In an all-out challenge to the NCAA, the California State Assembly passed the Fair Pay to Play Act on Monday, 72-0. The bill, now one step closer to becoming law, would allow college athletes to receive payment for endorsements and profit off the use of their name, likeness and image — a real game-changer that the NCAA vehemently opposes.
On Wednesday, the billion-dollar organization for collegiate athletics voiced its opposition to Fair Pay to Play in a letter from its board of governors to Gov. Gavin Newsom, calling the act harmful, unconstitutional and a move that would “upend (a) level playing field for all student-athletes.”
There are a number of proposals that would allow for college athletes to start getting paid. The California bill, however, does not involve the payment of athletes by colleges or universities. Instead, the Fair Pay to Play Act makes it possible for athletes to secure individual endorsement deals. Specifically, the bill makes it illegal for California universities to revoke a student athlete’s scholarship or eligibility if he or she receives payment for the use of their name, likeness or image.
This flies in the face of current NCAA restrictions.
California-NCAA Battle Just Warming Up
The bill was first introduced by Sens. Nancy Skinner and Steven Bradford in February. The California State Senate passed the bill — SB 206 — in May by a vote of 31-5. The Assembly amended the bill, so it will have to go back to the senate for approval. If approved, the bill will head to Gov. Gavin Newsom’s desk for his signature.
The NCAA has already made it clear that they are ready for the fight ahead. In June, NCAA President Mark Emmett implied that if SB 206 passed, the NCAA might prevent California colleges and universities from participating in NCAA championships. California has more than 20 Division I schools, including four members of the Pac-12, many of which could get caught in the legal crossfire.
Bernard Muir, Stanford’s athletic director, wrote in a letter to the California State Senate,
“Allowing student-athletes to receive compensation from their name, image, and likeness, would present serious challenges for higher education institutions and to the collegiate sports model. We believe that for any reform to be fair and meaningful to all student-athletes, it needs to occur at the national level and be adopted by the NCAA.”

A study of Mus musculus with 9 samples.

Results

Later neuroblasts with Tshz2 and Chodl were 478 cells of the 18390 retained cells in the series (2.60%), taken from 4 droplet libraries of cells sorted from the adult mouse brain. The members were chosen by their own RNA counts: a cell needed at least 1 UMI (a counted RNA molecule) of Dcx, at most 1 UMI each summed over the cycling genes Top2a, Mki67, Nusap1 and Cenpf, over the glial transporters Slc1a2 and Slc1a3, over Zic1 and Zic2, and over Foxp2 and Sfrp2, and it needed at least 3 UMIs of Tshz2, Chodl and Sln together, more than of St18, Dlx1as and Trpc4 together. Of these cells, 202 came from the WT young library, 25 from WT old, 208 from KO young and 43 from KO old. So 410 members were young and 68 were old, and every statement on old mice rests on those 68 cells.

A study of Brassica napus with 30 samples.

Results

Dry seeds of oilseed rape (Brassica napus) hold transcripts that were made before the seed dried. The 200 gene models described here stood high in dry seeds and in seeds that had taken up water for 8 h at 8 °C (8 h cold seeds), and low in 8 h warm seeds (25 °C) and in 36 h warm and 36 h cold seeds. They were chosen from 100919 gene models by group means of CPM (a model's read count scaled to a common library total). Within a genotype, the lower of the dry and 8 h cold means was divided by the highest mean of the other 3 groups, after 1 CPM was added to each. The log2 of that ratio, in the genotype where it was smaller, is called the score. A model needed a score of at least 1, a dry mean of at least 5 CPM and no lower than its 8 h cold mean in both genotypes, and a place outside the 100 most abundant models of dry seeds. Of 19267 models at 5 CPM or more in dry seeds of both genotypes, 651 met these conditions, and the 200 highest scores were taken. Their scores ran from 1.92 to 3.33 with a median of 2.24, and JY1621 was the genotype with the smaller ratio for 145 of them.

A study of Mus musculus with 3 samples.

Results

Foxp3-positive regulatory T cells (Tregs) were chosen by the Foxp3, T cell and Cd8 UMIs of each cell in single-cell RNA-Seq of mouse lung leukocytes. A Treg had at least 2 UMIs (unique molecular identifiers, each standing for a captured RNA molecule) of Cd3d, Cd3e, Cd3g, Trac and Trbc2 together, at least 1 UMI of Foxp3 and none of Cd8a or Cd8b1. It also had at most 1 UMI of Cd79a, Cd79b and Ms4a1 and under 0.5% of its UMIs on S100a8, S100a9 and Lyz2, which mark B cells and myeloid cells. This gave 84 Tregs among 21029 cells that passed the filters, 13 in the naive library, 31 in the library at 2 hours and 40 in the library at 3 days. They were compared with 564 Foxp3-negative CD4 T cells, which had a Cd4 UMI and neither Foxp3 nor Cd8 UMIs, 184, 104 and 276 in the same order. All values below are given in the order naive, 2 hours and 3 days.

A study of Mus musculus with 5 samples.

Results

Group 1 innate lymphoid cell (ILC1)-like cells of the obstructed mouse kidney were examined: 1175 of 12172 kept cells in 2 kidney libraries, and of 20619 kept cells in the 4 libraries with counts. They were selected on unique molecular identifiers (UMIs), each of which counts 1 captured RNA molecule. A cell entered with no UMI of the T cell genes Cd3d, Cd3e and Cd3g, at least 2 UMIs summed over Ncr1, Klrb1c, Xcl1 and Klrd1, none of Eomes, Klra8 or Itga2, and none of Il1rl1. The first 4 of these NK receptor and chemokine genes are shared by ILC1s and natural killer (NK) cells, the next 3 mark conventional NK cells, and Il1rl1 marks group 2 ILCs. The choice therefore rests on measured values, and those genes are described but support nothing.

From O’Bannon to LeBron: What’s in a Name?
While the Fair to Pay Act has its adversaries, it also has some notable supporters. LA Lakers LeBron James recently tweeted
Everyone is California- call your politicians and tell them to support SB 206! This law is a GAME CHANGER. College athletes can responsibly get paid for what they do and the billions they create.
— LeBron James (@KingJames) September 5, 2019
But the real fight to pay student athletes began with a different basketball player. Ed O’Bannon played basketball for UCLA and later went pro, playing for the Nets. In 2009, he filed a class-action lawsuit, arguing that college athletes should be compensated for the use of their image, name and likeness. O’Bannon won the first legal round against the NCAA. On appeal, some of that decision was overturned, but it did lead to change.
College athletes were able to get more of their college cost-of-living expenses covered. It also resulted in a $40 million settlement with the video game maker EA and the Collegiate Licensing Corporation.
California’s Fair Pay to Play Act would be another giant step toward student athlete compensation. California, however, isn’t the NCAA’s only battlefront. In March, US Congressman Mark Walker introduced the “Student Athlete Equity Act,” which is similar to California’s bill.
If California’s SB 206 becomes law, it won’t go into effect until January 1, 2023. This gives everyone enough time to file lawsuits. But, it also gives the NCAA time to propose workable alternatives for a nationwide program to benefit student athletes. The NCAA has already formed a working group to study the relevant issues.